Alexander & Alexander has good third quarter Broker benefits from cost-cutting, reorganization

October 24, 1995|By Kevin L. McQuaid | Kevin L. McQuaid,SUN STAFF

Alexander & Alexander Services Inc. continued its financial rebound in the third quarter, reaping the benefits of an aggressive reorganization and cost-cutting campaign.

The New York-based insurance brokerage and consulting firm -- which has a significant presence in the Baltimore area with more than 750 employees -- reversed its poor performance in the third quarter of last year by generating net income of $17.5 million, 25 cents per share, for the period ending Sept. 30.

In the comparable quarter a year ago, Alexander & Alexander suffered a net loss of $20.8 million, or 11 cents per share. That loss was attributed primarily to a $20.9 million charge relating to discontinued operations.

Alexander & Alexander slashed operating expenses in the third quarter by $27.3 million, or more than 9 percent, after adjusting for discontinued operations.

"Although expense savings were instrumental in the year-to-year improvement,

future earnings growth will increasingly depend on building revenues through aggressive business development and selected acquisitions," Alexander & Alexander Chairman and Chief Executive Frank G. Zarb said in a statement.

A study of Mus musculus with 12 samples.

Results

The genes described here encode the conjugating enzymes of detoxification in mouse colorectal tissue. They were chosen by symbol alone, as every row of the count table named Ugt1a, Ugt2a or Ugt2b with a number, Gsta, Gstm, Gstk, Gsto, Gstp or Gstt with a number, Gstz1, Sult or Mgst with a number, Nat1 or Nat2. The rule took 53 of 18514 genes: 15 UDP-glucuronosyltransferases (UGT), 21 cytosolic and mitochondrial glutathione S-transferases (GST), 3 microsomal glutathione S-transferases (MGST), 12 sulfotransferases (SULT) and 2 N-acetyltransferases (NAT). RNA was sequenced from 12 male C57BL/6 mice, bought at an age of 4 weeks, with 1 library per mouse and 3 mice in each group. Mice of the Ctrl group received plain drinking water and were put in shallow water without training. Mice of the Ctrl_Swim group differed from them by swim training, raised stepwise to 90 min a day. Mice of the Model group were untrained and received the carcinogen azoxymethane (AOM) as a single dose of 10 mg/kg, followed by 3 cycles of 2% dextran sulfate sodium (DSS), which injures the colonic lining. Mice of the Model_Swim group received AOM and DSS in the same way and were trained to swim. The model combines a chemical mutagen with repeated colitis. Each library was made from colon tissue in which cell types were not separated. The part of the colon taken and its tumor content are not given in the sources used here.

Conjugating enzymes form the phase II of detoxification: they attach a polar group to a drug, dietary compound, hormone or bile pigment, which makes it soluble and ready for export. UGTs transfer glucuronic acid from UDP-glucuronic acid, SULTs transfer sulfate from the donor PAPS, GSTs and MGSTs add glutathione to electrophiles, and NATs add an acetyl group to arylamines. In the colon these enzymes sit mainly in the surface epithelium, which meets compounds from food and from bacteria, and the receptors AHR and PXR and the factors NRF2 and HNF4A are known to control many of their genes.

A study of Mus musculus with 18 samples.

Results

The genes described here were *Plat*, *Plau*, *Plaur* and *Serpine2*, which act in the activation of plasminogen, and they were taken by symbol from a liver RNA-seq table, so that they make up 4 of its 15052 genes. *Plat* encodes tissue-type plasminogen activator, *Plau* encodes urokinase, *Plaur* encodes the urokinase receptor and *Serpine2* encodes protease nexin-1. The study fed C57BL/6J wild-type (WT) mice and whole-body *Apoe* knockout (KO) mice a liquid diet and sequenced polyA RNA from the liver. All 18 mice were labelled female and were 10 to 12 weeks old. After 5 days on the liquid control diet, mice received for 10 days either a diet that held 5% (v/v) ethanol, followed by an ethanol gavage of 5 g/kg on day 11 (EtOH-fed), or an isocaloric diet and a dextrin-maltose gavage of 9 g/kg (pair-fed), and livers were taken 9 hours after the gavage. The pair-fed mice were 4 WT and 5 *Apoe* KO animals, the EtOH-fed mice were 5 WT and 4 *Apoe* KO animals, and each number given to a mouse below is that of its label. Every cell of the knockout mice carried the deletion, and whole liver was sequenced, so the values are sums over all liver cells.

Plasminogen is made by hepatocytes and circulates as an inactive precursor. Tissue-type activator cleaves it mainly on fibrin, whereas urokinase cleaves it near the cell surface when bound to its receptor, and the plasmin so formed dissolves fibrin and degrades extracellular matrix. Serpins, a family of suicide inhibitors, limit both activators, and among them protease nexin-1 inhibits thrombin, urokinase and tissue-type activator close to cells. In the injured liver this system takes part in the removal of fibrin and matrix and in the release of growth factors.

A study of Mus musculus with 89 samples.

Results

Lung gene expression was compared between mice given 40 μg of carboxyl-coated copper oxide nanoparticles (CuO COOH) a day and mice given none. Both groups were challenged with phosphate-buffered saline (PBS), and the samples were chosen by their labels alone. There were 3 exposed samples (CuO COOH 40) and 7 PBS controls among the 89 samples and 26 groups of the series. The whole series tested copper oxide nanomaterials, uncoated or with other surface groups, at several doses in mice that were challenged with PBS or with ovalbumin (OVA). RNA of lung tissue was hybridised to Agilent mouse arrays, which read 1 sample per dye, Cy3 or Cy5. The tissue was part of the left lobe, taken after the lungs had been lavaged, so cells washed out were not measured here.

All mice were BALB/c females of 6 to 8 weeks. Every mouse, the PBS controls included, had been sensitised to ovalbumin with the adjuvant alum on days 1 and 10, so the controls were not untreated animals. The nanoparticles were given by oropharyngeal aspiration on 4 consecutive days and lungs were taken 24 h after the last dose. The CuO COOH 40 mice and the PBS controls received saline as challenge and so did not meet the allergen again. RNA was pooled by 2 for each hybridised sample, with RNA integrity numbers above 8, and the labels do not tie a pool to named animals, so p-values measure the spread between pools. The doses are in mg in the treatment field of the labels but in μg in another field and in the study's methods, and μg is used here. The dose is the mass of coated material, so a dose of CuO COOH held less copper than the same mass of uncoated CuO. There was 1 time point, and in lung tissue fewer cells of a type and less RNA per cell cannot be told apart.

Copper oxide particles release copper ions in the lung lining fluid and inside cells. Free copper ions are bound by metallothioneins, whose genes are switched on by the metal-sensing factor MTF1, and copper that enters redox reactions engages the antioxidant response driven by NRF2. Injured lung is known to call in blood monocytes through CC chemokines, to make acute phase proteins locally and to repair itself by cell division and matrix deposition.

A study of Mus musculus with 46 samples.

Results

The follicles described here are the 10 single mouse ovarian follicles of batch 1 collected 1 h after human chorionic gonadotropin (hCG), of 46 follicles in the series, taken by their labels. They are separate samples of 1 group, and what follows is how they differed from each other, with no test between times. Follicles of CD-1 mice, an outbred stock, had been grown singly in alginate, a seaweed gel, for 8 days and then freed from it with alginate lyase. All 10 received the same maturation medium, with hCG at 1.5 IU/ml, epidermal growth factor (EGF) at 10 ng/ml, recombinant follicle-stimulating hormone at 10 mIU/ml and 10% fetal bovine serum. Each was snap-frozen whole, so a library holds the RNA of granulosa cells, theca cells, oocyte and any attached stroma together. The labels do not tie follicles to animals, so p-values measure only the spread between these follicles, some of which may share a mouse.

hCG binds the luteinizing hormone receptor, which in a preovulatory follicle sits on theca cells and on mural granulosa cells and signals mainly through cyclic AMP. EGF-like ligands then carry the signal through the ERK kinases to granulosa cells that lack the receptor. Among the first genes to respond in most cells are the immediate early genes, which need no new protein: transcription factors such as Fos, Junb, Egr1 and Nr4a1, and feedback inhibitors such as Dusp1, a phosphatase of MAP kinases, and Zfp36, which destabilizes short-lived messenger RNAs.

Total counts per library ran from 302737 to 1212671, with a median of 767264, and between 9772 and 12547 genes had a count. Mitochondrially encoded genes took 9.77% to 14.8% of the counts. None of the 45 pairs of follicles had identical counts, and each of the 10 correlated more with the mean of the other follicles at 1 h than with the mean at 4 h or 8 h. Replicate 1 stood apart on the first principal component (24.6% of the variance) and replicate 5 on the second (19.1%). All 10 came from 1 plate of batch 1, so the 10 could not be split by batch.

Even with the improvement, the world's second-largest insurance broker failed to meet the financial estimates of several analysts, who had predicted the company's net income would be $18.8 million for the quarter.

The company, with $2.9 billion in assets and more than 300 offices in 80 countries, also acknowledged that it faces competitive pressures that will probably hamper future revenue growth. Mr. Zarb said industry consolidation, chronic weak pricing and radically changing client needs will combine to affect Alexander & Alexander and competitors such as Marsh & McLennan Inc.

"Alexander & Alexander has been cutting infrastructure, but to get improvement, they'll need to grow their revenue line," said Ira H. Malis, an Alex. Brown & Sons Inc. managing director and insurance industry analyst. "They've done a good job, but I think it will be significantly rougher sledding from here on out."

That rough sledding may [See Broker, 3C] have al-

[Broker, from Page 1C]

ready arrived. Alexander & Alexander's revenues in the third quarter fell by 10 percent, to $299.7 million.

Still, the company had some highlights. Its operating income, led by gains in retail insurance services and risk management consulting, jumped more than fivefold to $27.6 million from $4.6 million for the same period a year ago.

The company also completed an acquisition of most of the U.S.

retail operations of Jardine Insurance Brokers Inc. earlier this month.

In the first nine months of 1995, Alexander & Alexander reported net earnings of $82 million, $1.42 per share, as compared with a net loss of $27.4 million, 83 cents per share, a year ago.

Revenues were $952 million, down 4 percent, while operating expenses fell by 13 percent, to $843.5 million. Operating income experienced a dramatic rise of more than 350 percent, to $108.5 million.